Østerskov Efterskole

Yesterday, the students at Østerskov Efterskole in Hobro (Jutland), Denmark returned from their one-week Autumn Break. We arrived the same evening and were immediately welcomed—and overwhelmed by their energy.

I was immediately amazed at the liberties that the students have in this school. They crowd into a group meeting room which clearly does not have room for everyone to have a seat and laze across chairs and tables, sit on tables, walk across tables, sit on the floor, and cuddle with each other. In the hallways, they run and shout, ramming into each other, wrestle on the entryway floor. They go outside for a cigarette, after carrying it around in their hands (next year, there will be no smoking allowed). There is no dress code, and self-expression is encouraged. Everywhere, they swear in English. They are all on first-name basis with their teachers, and randomly come up to them to give them hugs.
The only thing they are admonished for is their volume during group instruction and discussion time. The students hold up both hands and flutter them for agreement and applause, or one finger to ask a question.

Yet despite all this, they love their school and are proud to show it off. Frequently another student comes up to introduce himself and offer assistance. They are engaged in the learning. Students are given an assignment, and when they gather together again, everyone has it done. They are excited about the next step and already have their minds going. As in any school, the quality varies from student to student, and higher-end kids excel in detail and confidence. Everything is done on computers, except a bit of graphing design on paper. There are student laptops everywhere, and lots of cubbies of computer lab areas. The computers are all networked, so the teachers can see what the students have completed.

Each student has a job, too. Teams of students take turns preparing, cooking, serving and cleaning up the meals. Some of the students have responsibilities with equipment rooms. When they have a meal job, they are excused from the lessons going on at that time.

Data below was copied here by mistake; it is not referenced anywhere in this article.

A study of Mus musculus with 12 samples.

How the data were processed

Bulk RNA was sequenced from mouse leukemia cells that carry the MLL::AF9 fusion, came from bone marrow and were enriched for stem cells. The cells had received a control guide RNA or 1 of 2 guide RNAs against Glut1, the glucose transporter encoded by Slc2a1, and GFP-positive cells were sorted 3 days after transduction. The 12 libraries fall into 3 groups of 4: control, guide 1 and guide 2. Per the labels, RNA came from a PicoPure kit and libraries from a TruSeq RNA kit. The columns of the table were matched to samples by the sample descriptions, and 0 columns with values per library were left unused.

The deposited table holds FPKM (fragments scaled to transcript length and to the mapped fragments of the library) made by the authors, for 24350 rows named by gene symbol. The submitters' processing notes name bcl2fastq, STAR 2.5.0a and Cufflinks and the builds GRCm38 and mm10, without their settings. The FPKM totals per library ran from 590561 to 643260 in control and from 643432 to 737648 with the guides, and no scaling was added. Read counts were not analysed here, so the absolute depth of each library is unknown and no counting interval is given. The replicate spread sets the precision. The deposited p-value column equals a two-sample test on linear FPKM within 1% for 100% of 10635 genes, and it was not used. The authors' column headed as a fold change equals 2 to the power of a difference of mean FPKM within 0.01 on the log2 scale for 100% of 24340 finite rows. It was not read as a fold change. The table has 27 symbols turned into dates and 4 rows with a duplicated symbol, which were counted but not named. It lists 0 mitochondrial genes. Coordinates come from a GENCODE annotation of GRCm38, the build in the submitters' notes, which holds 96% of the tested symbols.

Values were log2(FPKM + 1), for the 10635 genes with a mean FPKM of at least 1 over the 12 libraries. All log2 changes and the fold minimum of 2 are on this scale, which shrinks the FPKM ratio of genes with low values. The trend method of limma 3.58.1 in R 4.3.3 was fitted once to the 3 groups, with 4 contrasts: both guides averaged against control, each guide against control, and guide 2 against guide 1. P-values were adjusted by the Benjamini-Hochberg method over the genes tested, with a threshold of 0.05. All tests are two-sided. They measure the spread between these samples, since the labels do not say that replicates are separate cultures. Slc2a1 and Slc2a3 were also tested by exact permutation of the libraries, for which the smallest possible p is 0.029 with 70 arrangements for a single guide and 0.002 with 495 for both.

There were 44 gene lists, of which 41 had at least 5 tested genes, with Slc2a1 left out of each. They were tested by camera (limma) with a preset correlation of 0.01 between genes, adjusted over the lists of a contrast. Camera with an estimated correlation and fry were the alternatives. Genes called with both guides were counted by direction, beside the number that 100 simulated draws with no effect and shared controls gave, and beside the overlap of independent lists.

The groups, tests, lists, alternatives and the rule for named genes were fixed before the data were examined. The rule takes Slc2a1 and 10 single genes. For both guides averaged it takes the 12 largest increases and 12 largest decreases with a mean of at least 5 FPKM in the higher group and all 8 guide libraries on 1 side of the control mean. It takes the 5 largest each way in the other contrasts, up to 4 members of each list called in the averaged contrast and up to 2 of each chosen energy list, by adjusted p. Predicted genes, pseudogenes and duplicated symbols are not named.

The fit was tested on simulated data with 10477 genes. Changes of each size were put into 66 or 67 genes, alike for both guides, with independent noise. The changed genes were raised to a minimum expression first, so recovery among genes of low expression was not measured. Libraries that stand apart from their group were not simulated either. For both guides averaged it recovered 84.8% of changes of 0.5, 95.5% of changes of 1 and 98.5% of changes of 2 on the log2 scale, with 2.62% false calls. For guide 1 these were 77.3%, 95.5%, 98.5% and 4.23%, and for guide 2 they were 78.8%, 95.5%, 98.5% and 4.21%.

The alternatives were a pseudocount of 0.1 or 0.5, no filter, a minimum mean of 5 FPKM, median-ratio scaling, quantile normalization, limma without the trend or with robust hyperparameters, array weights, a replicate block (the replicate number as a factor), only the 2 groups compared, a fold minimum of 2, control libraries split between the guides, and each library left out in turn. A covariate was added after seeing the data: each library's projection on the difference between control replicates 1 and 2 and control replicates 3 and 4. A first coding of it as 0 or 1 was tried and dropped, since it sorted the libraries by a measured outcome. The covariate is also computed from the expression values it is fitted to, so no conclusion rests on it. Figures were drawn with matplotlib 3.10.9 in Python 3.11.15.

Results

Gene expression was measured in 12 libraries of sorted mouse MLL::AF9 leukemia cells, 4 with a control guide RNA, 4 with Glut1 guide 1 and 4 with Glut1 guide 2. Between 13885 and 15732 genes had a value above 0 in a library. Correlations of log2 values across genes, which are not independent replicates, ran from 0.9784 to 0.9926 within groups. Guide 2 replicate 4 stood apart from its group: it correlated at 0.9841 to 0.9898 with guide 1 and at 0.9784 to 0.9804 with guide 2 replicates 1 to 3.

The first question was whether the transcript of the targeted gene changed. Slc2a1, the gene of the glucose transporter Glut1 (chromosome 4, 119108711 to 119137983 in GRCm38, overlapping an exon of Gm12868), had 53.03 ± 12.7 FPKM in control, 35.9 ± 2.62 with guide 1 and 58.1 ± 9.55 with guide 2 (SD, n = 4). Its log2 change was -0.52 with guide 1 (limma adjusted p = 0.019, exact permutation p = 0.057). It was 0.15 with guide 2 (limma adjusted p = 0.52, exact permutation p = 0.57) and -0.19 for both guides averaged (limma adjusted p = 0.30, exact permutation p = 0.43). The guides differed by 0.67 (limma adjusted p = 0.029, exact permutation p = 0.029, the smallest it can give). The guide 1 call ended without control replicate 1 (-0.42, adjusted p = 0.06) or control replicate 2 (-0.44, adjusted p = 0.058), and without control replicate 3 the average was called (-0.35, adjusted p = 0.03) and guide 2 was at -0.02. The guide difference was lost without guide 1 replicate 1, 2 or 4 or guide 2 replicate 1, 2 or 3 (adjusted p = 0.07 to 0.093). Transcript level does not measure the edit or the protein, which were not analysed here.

They are excited about the evening RP (role-playing) games. Games are the love of the students here, and that is why they attend this school. There are a couple of different games each evening that are directed by the headmaster and teachers. Science Fiction and Fantasy are favorite topics, but there is a lot of history included as well. Boxes of games abound in every corner, and there are trophies in hallway glass cabinets from competitions. A special glass-fronted bookcase holds Dungeons & Dragons books, but a student tells me that game is boring to him—he prefers Vampires or Pirates RP games or Magic the Gathering. Students run RP games for other students: they set up the background story, develop the characters and then invite others to join in. They take on those characters and make them their own.

The staff is very kind, and it is interesting to sit with them as they go on auto-pilot and speak Danish with each other. One of the staff members is impressed that I was able to glean as much as I could from a conversation she was having with a group of drama students. I am gaining more vocabulary and hope to have a bit of conversational ability by the time we leave here three weeks from now. I met the German teacher today and talked with her about her teaching job here. This is her first year and she is struggling with her agenda for this weekend’s parent visit day. She has focused on conversation so far, and only sees them once every other week, so she doesn’t have any work samples to show the parents—it’s all been conversation so far. She feels successful, though—this is the first time she has taught German where the students tell her that they enjoy learning the language.

The teachers have one week on for teaching and one week off for planning, so they work directly in lessons with the students every other week. The electives are held on Monday mornings, with core lessons and projects in the afternoon and on other days. This week’s unit is on board games, so the students split in groups no larger than two and decided upon a theme for their game. Each game has to be either science fiction or history-based. The purpose is to encourage research into historical and/or science facts. Next week we will study the Middle Ages and students and staff will wear costumes from that time period all week.

Every afternoon, students write in logbook on their computers for an hour, describing what they did that day and what they learned. After that, they choose something from their day’s work to put into their electronic portfolio. All this goes onto the server and the student’s advisor check to make sure it’s there and complete. The server was down today, so the advisor went around individually, but normally they’re all on-line together, assumable giving feedback in real time.

School lessons begin at 9:00 a.m. and end at 4:30 pm, then there is a break until dinner time and evening activities begin after that. Silent time is at 10:30 pm; tomorrow we will get up at 7:00 to do morning exercises at 7:30 before breakfast. Today we ran and did pushups and crunches –tomorrow we’ll do something different!

The camaraderie is great and I haven’t seen any students upset at others yet. I will be meeting with the headmaster on Wednesday and will find out demographics. In the meantime, I do know that there are 84 boys, 12 girls, according to one staff member. They come from all over Denmark to attend this choice-based public school.